In the Broadway show Rent, the cast asks the questions "How do you measure a year?" and "How do you measure the life of a woman or man?" The song then goes on to talk about the different ways we measure life... in minutes, events, accomplishments, etc.
I've been doing alot of "measuring" of my life the last two weeks as I have worked on completing the inventory of our once upon a time home. What I have learned is that in 22 years of life together, with a little bit of childhood thrown in, Rick and I had a lot of things. In fact the current replacement dollar amount is over $250,000 and there is still more to be accounted for. When the insurance adjustor stated that he thought we would easily reach $300,000, I was doubtful. I am not so doubtful anymore.
Last year, when we renewed our insurance, we valued our personal property at just over $200,000. This will be the maximum amount that the insurance will pay us. If I measured my life in dollars, right now I would feel that I had literally lost 1/3 of my life, since we will never be compensated for the other $100,000 not covered by the insurance.
Instead I think of the rest of the song. It suggests that instead life should be measured in love. This is how I want to measure my life.
Over the weekend we attended the wedding reception of a very remarkable young woman. Over the last four years, she has been an important part of our family. We had harbored a secret hope that when Hunter returned from his mission that they might be married. Our girls would often refer to her as their big sister because of the involvement she had in their lives. Her influence was especially strong on Lela. It was this young woman's influence that encouraged Lela to join the Hurricane Tigersharks swim team and to start playing the violin. She will always have a special place in our hearts and we wish her the best for the future.
Attending a wedding reception always brings back memories of my own reception. How young Rick and I were all those years ago, yet how mature and ready for marriage we felt. I often wonder what those two kids would have thought of their future selves. Since I have very few, if any, regrets; I like to think that they would have run with great excitement to the altar.
What I can see looking back from this viewpoint is that our marriage began with the solid foundation of friendship. Rick has been my best friend since I was 19 years old. By the time we were married we had no secrets between us. This practice has remained a constant throughout our marriage. I know that if Rick tells me something, it is the truth. I trust him completely.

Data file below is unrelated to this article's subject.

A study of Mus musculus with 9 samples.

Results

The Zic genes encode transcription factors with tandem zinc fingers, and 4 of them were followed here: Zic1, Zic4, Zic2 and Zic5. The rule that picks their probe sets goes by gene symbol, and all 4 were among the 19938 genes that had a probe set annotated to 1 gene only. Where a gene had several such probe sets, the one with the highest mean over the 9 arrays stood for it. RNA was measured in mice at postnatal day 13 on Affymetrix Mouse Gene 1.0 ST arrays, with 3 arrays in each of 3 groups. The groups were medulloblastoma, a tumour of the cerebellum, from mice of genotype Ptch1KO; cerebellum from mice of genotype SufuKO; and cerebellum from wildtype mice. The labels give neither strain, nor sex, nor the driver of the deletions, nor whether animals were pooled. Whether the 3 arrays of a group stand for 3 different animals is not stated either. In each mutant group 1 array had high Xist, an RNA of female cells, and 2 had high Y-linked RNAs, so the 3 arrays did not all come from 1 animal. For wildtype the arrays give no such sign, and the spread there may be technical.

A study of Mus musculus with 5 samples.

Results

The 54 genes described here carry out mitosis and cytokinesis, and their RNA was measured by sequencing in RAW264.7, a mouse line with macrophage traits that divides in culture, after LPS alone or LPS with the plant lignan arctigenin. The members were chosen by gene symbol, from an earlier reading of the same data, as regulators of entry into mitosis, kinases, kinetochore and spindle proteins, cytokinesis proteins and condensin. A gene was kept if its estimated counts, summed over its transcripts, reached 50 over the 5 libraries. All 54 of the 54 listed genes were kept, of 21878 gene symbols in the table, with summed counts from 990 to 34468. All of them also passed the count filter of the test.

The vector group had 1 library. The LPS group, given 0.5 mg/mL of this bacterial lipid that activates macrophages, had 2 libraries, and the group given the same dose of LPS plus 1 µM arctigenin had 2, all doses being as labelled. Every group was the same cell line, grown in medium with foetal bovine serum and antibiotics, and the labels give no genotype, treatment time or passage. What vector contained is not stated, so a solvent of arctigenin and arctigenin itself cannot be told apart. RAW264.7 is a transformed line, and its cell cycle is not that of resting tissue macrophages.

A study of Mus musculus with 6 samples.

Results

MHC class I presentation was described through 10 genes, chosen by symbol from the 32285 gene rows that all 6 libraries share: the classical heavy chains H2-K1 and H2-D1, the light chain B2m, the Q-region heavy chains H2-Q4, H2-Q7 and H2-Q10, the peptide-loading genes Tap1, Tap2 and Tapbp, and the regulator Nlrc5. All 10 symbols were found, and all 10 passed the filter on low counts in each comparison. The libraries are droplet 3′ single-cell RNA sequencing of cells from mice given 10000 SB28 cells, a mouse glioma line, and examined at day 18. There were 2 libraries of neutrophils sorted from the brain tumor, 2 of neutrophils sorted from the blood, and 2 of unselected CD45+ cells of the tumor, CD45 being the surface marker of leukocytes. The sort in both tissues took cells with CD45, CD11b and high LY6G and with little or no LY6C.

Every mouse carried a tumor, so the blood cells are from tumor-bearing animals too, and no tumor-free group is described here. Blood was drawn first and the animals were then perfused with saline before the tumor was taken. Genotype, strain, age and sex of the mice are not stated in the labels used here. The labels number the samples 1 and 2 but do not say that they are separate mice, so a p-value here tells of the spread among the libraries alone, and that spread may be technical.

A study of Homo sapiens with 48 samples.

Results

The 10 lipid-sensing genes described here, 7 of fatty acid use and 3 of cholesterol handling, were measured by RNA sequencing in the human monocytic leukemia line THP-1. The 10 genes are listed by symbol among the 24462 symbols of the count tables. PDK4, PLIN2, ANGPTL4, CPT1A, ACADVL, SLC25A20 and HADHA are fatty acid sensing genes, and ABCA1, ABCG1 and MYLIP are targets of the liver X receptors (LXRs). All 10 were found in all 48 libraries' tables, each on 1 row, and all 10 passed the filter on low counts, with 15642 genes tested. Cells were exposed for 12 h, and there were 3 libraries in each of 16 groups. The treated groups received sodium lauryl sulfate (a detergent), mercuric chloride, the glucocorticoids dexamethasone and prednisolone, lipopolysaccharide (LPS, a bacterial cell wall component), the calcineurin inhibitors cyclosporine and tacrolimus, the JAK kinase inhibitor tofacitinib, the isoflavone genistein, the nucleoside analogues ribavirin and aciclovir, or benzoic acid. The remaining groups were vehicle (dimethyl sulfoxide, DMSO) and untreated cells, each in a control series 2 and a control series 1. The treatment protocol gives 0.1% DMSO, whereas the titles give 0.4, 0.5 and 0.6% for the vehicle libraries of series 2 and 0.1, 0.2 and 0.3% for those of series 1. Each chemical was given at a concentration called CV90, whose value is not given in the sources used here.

Through the years we have built on that foundation as we worked together as a team. I have always known that he had my back and is my greatest supporter. Whenever I have doubted myself, Rick has been there to shore up my faith in my abilities. Whether moving across the country with three small children, completing college, or our current situation; we will be fine because we work together.
This same sentiment has been expressed by many who know us as they watch our family go through this experience. One friend commented that she has always been amazed at how close our family is and if anything, this has brought us closer together. Another friend commented that he did not know many people who could survive losing everything and still remain happy. I know this is because we know that the most important things made it out of the house. We will not dwell on the loss, but on how we are continually blessed.
I am so grateful that we learned at a young age that we are each other's best friend. It took a couple we know 30 years of marriage to learn this truth - a marriage is not about the things you acquire, it is about the relationship you develop and grow with your partner. That relationship is more valuable than any treasure on earth and more delicate than the tiniest seedling. I hope our young friend and her new husband can learn this now so that their life will be measured in seasons of love.